WE’RE HOUSELESS NOT HOMELESS, RIGHT? But conventional society sees everyone not living in buildings as homeless. As pitiable. As suspicious. As criminals. Dangerous to their worldview, anyway. Happiness without a house? That’s impossible! And it should be illegal, right?

We occasionally encounter homeless people while boondocking. If not them, then the evidence they have been there. Although regular society sees no difference between them and us, we see clear delineations—even when the dividing line is razor thin and full of holes and our own biases. If you need a succinct explanation of how our unconventional life choice is very different than homelessness, or if you’re starting to wonder whether you’re less of a pioneer in alternative living and more of a glorified wandering vagrant, here are four measurements social workers use.


Those living non-traditional lives usually have the desire and resources to keep themselves and their rigs looking presentable. If not fancy, at least clean and neat.


Those living non-traditional lives usually have plans beyond the immediate need for food and shelter. The plans might be about saving toward a goal, joining a community of likeminded people, recovering from trauma, traveling, finding work, collecting experiences, or some other intentional action.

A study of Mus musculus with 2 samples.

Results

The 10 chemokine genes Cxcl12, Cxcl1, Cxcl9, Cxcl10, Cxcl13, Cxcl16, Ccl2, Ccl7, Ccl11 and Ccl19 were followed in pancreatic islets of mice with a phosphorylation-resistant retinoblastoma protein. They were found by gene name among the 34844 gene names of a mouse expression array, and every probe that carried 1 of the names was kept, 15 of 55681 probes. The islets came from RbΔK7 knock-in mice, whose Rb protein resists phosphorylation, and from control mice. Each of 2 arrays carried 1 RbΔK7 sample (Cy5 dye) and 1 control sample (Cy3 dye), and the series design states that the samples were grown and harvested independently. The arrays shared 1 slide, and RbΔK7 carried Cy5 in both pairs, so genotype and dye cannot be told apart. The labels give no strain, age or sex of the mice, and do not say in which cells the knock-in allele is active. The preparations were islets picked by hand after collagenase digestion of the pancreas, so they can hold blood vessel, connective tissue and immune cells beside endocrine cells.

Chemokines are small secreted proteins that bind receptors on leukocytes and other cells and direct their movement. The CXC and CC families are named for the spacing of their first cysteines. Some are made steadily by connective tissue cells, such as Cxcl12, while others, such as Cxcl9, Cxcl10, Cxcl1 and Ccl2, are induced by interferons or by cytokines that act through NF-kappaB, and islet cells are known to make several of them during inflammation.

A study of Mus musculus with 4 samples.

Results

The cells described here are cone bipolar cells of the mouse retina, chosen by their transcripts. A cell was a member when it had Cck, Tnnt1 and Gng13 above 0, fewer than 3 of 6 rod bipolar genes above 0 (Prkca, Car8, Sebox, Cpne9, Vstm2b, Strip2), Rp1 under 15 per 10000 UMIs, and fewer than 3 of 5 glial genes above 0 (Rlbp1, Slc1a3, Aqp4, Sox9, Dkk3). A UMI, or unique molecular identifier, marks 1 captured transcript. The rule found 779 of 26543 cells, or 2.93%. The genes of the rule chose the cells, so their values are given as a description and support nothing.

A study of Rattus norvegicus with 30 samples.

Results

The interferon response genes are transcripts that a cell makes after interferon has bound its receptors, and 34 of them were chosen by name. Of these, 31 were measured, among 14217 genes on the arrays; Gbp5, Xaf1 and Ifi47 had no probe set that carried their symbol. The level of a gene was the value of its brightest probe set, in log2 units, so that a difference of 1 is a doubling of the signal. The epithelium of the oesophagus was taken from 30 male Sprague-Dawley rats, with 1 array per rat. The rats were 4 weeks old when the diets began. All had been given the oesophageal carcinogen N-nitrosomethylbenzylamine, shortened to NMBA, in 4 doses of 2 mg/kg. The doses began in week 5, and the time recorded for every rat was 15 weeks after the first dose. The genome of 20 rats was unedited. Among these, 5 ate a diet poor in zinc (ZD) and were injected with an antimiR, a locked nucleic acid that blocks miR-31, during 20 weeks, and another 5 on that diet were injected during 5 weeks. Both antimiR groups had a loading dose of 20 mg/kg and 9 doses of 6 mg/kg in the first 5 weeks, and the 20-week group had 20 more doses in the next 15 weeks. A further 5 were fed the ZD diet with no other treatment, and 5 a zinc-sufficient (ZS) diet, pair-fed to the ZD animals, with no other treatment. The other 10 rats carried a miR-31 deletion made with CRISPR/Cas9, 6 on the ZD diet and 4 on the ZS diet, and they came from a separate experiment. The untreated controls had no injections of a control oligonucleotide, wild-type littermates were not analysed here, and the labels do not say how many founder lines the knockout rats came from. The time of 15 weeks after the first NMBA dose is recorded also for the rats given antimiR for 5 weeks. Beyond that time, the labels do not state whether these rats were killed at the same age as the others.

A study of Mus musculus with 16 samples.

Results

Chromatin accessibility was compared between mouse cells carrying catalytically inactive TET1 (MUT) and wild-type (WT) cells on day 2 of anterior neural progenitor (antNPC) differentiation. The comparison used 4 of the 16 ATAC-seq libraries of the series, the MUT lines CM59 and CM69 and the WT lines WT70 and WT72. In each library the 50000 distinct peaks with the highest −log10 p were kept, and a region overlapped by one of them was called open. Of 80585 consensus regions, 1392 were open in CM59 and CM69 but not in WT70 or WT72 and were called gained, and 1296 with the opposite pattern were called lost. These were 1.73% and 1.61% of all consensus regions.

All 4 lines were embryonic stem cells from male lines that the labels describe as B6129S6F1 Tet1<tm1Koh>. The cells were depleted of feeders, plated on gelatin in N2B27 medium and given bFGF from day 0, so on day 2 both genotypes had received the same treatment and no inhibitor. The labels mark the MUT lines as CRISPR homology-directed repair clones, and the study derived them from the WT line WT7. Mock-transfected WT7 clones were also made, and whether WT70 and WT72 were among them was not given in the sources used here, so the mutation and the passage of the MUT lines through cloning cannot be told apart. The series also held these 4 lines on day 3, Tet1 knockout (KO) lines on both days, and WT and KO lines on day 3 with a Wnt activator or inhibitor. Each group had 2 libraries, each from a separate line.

Non-traditional living tends to lean toward minimalism. As much a possible, each possession has a job, is used often, and can be easily accessed when needed. Conversely, a symptom of homeless is the gathering of possessions regardless of their need or usefulness.


But the most straight forward measure of whether you’re homeless or simply living simply is what you consider yourself to be, and whether it’s working for you in ways conventional living didn’t or can’t. Are you content with who you are and what you’re doing? That’s what matters.

So, what do you think about these indicators? Do the social scientists know what they’re talking about?